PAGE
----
It's Day 2 of the government shutdown, and the nonsense shows no sign of abating. Here are some articles I've selected for your breakfast reading that are guaranteed to enhance your digestion.
Shutdown is just a warm-up exercise
We all read the stories with annotated graphs showing how stocks were undeterred by the last government shutdown in 1995 and 1996. So the word went out that it was OK to buy stocks, which rallied yesterday. But the partial shutdown (essential government services are being maintained) is just a drill for the big stand-off later this month: negotiations over raising the debt ceiling. If the silliness exhibited in Washington this week is any guide, investors may not be so blasé about round 2. There's even talk that efforts to fund the government and raise the debt ceiling could become intertwined. Talk about a grand bargain -- or a grand finale.
Something isn't much better than nothing
Yesterday the Republicans decided a bunch of piecemeal spending bills would be better than nothing. They should have stuck with nothing. House minority leader Nancy Pelosi called the gambit "pathetic." Senate Majority Leader Harry Reid said the GOP should "stop the games." Obama threatened a veto. The two parties pointed fingers at one another. And the public just looked on in amazement.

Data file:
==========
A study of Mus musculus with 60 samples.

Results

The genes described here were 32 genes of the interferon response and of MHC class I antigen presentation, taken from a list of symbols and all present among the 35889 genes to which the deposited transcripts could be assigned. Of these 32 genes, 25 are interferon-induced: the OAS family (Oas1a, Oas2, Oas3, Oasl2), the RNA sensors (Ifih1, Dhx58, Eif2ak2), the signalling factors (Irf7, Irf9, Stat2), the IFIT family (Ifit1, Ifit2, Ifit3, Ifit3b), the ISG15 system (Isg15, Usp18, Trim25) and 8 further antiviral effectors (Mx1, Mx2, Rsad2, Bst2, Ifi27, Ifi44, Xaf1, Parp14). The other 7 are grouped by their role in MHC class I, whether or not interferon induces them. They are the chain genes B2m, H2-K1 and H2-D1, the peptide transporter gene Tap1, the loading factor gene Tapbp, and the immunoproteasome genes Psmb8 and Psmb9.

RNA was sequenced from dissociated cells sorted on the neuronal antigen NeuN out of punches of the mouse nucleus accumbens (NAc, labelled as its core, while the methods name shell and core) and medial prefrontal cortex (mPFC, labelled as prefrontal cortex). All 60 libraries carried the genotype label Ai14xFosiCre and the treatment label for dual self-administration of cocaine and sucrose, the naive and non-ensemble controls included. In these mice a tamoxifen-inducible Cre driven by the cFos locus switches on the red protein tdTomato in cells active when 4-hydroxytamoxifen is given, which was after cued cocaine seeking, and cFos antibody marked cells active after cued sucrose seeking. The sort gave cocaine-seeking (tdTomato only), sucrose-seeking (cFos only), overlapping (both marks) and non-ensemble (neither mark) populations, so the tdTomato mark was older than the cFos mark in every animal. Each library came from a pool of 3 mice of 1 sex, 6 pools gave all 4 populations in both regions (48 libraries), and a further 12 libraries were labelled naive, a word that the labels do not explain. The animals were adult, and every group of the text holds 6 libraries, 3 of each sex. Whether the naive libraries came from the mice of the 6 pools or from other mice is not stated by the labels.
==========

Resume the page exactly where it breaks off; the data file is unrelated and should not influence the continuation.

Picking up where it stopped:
In case you were wondering what sort of economic data will be reported as long as the federal government is shutdown, the Wall Street Journal provides a calendar. Data compiled and released by the states and private entities, including trade groups, will be released on schedule. Ditto information that comes from the Federal Reserve and its various district banks, which are self-financing. (Yes, that super-sized portfolio pays interest.) The government's statistical agencies -- the Labor and Commerce Departments -- are shut down and will not release any data, including Friday's employment report for September. What will the Fed do without the report as guide?
Open for business, hampered by glitches
The state health-insurance exchanges opened for business on schedule yesterday but couldn't handle the traffic, the New York Times reports. Websites went down, flashed error messages and prevented users from creating accounts. Health and Human Services Secretary Kathleen Sibelius called it "a great problem to have." She was referring to the overwhelming volume, but one has to wonder if 3 1/2 years wasn't enough time to prepare for the big day. And where were the Republicans during the train wreck they predicted? "Chasing a different train," according to Politico: "staging photo ops with GOP negotiators pretending to wait for Democrats to come to the table" -- and figuring their way out of the budget mess.
The real problem with Obamacare is that it's not Romneycare
The Tax Policy Center's Len Burman wonders what would have happened if Obamacare were Romneycare. In other words, what would today's partisan debate look like if Mitt Romney had been elected president in 2012? "The White House and Republicans would be trumpeting the remarkable success of the free (but regulated) market in providing a wide range of choices in insurance plans and in most markets pushing prices down," Burman writes. At the same time, Democrats would be chafing at the individual mandate and the burden it puts on middle-income workers. They would complain about the hardship high-deductible plans imposed on middle-class families if they get sick. Just something to think about.